Update Date: Apr 07, 2014 12:00 PM EDT

High cholesterol is detrimental to one's health because it can lead to cardiovascular diseases. In order to reduce cholesterol levels, people can adopt healthier lifestyles, such as eating healthier and exercising. According to a new study, one way to lower LDL (low density lipoprotein) cholesterol, also known as the 'bad' cholesterol, is to eat one serving of beans, peas, chickpeas or lentils per day.

Researchers from St. Michael's Hospital headed by Dr. John Sievenpiper of the hospital's Clinical Nutrition and Risk Factor Modification Center examined the effects of eating beans, peas, chickpeas or lentils, which they grouped as pulses, on cholesterol levels. They analyzed data from 26 randomized controlled trials that involved 1,037 people.

They found that eating one serving of pulses, which is equivalent to 130 grams or three-fourths of a cup, could reduce people's LDL cholesterol by five percent. The team estimated that if people followed this recommendation, their risk of heart disease could fall by five to six percent. The effects of eating pulses had a greater effect on men's LDL cholesterol levels. The researchers reasoned that the greater reductions in men's LDL cholesterol levels could be due to the fact that men generally have poorer diets and higher cholesterol levels.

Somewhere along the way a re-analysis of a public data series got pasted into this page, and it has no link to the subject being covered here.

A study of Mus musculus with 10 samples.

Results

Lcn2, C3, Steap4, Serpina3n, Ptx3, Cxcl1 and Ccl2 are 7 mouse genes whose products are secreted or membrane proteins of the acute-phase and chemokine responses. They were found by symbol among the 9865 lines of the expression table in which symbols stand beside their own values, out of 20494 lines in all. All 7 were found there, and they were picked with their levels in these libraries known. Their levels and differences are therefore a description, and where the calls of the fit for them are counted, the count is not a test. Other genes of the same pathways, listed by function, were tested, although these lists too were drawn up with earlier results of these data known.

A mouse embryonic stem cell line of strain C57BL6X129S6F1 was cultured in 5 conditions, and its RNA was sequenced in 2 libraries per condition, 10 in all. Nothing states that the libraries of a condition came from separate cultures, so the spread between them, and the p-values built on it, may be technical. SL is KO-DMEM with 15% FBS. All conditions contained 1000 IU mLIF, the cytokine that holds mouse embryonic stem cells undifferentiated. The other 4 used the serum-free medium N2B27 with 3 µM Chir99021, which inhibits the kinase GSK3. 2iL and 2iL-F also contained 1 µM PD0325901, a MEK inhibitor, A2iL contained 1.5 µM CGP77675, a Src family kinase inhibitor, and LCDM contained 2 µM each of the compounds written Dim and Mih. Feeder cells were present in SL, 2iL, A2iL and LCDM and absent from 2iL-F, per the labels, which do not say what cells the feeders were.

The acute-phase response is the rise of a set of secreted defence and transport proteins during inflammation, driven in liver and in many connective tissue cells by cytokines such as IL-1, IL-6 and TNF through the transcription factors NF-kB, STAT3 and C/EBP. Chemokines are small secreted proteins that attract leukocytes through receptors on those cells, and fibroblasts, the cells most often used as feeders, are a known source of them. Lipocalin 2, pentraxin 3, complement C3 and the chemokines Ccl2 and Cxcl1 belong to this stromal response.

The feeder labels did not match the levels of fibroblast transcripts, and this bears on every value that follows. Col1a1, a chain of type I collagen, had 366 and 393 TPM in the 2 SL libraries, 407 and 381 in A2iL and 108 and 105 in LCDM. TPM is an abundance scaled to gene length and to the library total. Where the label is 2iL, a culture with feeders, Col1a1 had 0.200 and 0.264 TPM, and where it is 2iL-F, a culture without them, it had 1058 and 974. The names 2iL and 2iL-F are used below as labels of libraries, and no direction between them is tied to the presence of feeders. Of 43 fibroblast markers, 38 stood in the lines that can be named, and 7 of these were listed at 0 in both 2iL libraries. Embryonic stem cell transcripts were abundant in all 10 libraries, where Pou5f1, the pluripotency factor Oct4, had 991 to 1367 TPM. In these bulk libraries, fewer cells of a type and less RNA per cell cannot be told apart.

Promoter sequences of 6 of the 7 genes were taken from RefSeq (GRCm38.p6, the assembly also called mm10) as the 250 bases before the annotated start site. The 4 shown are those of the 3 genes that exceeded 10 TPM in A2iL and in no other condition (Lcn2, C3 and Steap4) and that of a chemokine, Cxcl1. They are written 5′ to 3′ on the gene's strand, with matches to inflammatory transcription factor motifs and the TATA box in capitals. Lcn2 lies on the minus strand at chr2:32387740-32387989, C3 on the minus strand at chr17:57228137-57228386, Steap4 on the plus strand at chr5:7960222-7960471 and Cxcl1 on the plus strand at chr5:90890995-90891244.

"We have a lot of room in our diets for increasing our pulse intake to derive the cardiovascular benefits," Dr. Sievenpiper said. "Pulses already play a role in many traditional cuisines, including Mediterranean and South Asian. As an added bonus, they're inexpensive. Since many pulses are grown in North America, it's also an opportunity to buy and eat locally and support our farmers."

Even though pulses are accessible, the researchers found that North Americans tend to eat less than one-half of a serving on average per day. Based from this study's findings, people should increase their daily intake. Some side effects of eating more pulses were bloating, constipation, diarrhea and gas. The study was published in the Canadian Medical Association Journal.